DANBURY, Conn. - For more than a decade they toiled in the strange, boxy-looking building on the hill above the municipal airport, the building with no windows (except in the cafeteria), the building filled with secrets.
They wore protective white jumpsuits, and had to walk through air-shower chambers before entering the sanitized "cleanroom" where the equipment was stored.
They spoke in code.
Few knew the true identity of "the customer" they met in a smoke-filled, wood-paneled conference room where the phone lines were scrambled. When they traveled, they sometimes used false names.
At one point in the 1970s, there were more than 1,000 people in the Danbury area working on The Secret. And though they worked long hours under intense deadlines, sometimes missing family holidays and anniversaries, they could tell no one - not even their wives and children - what they did.
They were engineers, scientists, draftsmen and inventors - "real cloak-and-dagger guys," says Fred Marra, 78, with a hearty laugh.
He is sitting in the food court at the Danbury Fair mall, where a group of retired co-workers from the former Perkin-Elmer Corp. gather for a weekly coffee. Gray-haired now and hard of hearing, they have been meeting here for 18 years. But until recently, they were forbidden to speak about the greatest achievement of their professional lives.
"Ah, Hexagon," Ed Newton says, gleefully exhaling the word that stills feels almost treasonous to utter in public.
It was dubbed "Big Bird," and it was considered the most successful space spy satellite program of the Cold War era
From 1971 to 1986 a total of 20 satellites were launched, each containing 60 miles of film and sophisticated cameras that orbited the earth snapping vast, panoramic photographs of the Soviet Union, China and other potential foes. The film was shot back through the earth's atmosphere in buckets that parachuted over the Pacific Ocean, where C-130 Air Force planes snagged them with grappling hooks.
The scale, ambition and sheer ingenuity of Hexagon KH-9 was breathtaking. The fact that 19 out of 20 launches were successful (the final mission blew up because the booster rockets failed) is astonishing.
So, too, is the human tale of the 45-year-old secret that many took to their graves.
Hexagon was declassified in September. Finally Marra, Newton and others can tell the world what they worked on all those years at "the office."
"My name is Al Gayhart, and I built spy satellites for a living," announced the 64-year-old retired engineer to the stunned bartender in his local tavern as soon as he learned of the declassification. He proudly repeats the line any chance he gets.
"It was intensely demanding, thrilling and the greatest experience of my life," says Gayhart, who was hired straight from college and was one of the youngest members of the Hexagon "brotherhood."
He describes the white-hot excitement as teams pored over hand-drawings and worked on endless technical problems, using "slide-rules and advanced degrees" (There were no computers.), knowing they were part of such a complicated space project. The intensity would increase as launch deadlines loomed and on the days when "the customer" - the CIA and later the Air Force - came for briefings. On at least one occasion, former President George H.W. Bush, who was then CIA director, flew into Danbury for a tour of the plant.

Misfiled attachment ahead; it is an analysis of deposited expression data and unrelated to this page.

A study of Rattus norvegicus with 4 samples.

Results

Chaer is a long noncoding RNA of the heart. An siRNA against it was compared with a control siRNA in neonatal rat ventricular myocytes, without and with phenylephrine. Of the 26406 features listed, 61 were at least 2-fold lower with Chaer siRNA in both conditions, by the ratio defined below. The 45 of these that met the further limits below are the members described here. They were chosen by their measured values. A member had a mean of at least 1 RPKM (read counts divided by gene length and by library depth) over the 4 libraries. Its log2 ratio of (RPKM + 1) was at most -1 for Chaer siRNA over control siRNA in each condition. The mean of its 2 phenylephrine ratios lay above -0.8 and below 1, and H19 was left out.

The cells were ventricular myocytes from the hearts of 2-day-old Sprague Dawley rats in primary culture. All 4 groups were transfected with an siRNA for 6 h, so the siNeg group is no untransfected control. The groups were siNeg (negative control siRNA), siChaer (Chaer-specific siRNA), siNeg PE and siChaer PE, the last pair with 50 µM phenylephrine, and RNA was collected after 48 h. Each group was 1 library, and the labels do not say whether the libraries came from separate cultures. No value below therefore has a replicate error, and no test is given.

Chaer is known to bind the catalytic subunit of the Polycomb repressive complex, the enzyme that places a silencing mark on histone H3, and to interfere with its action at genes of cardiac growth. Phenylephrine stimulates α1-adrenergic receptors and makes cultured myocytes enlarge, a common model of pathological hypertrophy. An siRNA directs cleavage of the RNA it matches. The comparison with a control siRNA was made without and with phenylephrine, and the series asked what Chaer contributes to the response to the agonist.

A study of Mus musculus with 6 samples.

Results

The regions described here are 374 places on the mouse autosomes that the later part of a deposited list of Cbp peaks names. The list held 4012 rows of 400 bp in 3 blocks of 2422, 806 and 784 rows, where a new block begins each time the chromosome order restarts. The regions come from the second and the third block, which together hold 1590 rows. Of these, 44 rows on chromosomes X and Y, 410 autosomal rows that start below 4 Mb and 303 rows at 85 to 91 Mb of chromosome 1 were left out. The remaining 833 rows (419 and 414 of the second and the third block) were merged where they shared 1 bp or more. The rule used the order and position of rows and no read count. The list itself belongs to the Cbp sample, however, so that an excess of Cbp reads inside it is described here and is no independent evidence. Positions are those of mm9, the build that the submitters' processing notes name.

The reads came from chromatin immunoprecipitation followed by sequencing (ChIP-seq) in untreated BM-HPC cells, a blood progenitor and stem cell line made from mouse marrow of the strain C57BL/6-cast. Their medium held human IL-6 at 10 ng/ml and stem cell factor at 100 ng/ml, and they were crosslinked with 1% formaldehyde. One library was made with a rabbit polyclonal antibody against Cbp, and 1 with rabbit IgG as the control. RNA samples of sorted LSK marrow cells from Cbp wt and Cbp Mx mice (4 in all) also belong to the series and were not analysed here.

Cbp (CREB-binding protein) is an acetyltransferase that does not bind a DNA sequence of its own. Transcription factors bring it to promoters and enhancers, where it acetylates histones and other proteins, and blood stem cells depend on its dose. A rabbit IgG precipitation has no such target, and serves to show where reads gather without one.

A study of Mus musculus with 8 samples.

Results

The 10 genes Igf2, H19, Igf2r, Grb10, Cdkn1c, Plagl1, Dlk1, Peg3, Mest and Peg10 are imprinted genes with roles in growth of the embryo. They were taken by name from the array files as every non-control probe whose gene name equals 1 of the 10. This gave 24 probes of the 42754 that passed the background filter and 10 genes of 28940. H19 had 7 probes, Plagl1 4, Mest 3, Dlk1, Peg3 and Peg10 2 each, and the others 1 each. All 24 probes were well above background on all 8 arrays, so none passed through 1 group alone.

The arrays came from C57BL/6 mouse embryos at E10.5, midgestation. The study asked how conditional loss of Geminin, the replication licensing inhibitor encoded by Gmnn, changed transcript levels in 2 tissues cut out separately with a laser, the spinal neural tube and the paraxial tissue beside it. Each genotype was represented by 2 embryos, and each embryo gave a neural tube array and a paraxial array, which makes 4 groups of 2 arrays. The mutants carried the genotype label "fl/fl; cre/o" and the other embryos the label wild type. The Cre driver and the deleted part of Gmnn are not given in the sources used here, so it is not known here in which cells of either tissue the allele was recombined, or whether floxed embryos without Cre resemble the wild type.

Though other companies were part of the project - Eastman Kodak made the film and Lockheed Corp. built the satellite - the cameras and optics systems were all made at Perkin-Elmer, then the biggest employer in Danbury.
"There were many days we arrived in the dark and left in the dark," says retired engineer Paul Brickmeier, 70.
Joseph Prusak, 76, said when he was briefed on Hexagon, he wondered if he had made the biggest mistake of his life.
"I thought they were crazy," said Prusak, who had worked as an engineer on earlier civil space projects. "They envisaged a satellite that was 60 foot long and 30,000 pounds and supplying film at speeds of 200 inches per second. The precision and complexity blew my mind."
Several years later, after numerous successful launches, he was shown what Hexagon was capable of - an image of his own house in suburban Fairfield.
"This was light years before Google Earth," Prusak said. "And we could clearly see the pool in my backyard."
There had been earlier space spy satellites - Corona and Gambit. But neither had the resolution or sophistication of Hexagon, which took close-range pictures of Soviet missiles, submarine pens and air bases, even entire battalions on war exercises.
According to the National Reconnaissance Office, a single Hexagon frame covered a ground distance of 370 nautical miles, about the distance from Washington to Cincinnati. Early Hexagons averaged 124 days in space, but as the satellites became more sophisticated, later missions lasted twice as long.
"At the height of the Cold War, our ability to receive this kind of technical intelligence was incredible," says space historian Dwayne Day. "We needed to know what they were doing and where they were doing it, and in particular if they were preparing to invade Western Europe. Hexagon created a tremendous amount of stability because it meant American decision-makers were not operating in the dark."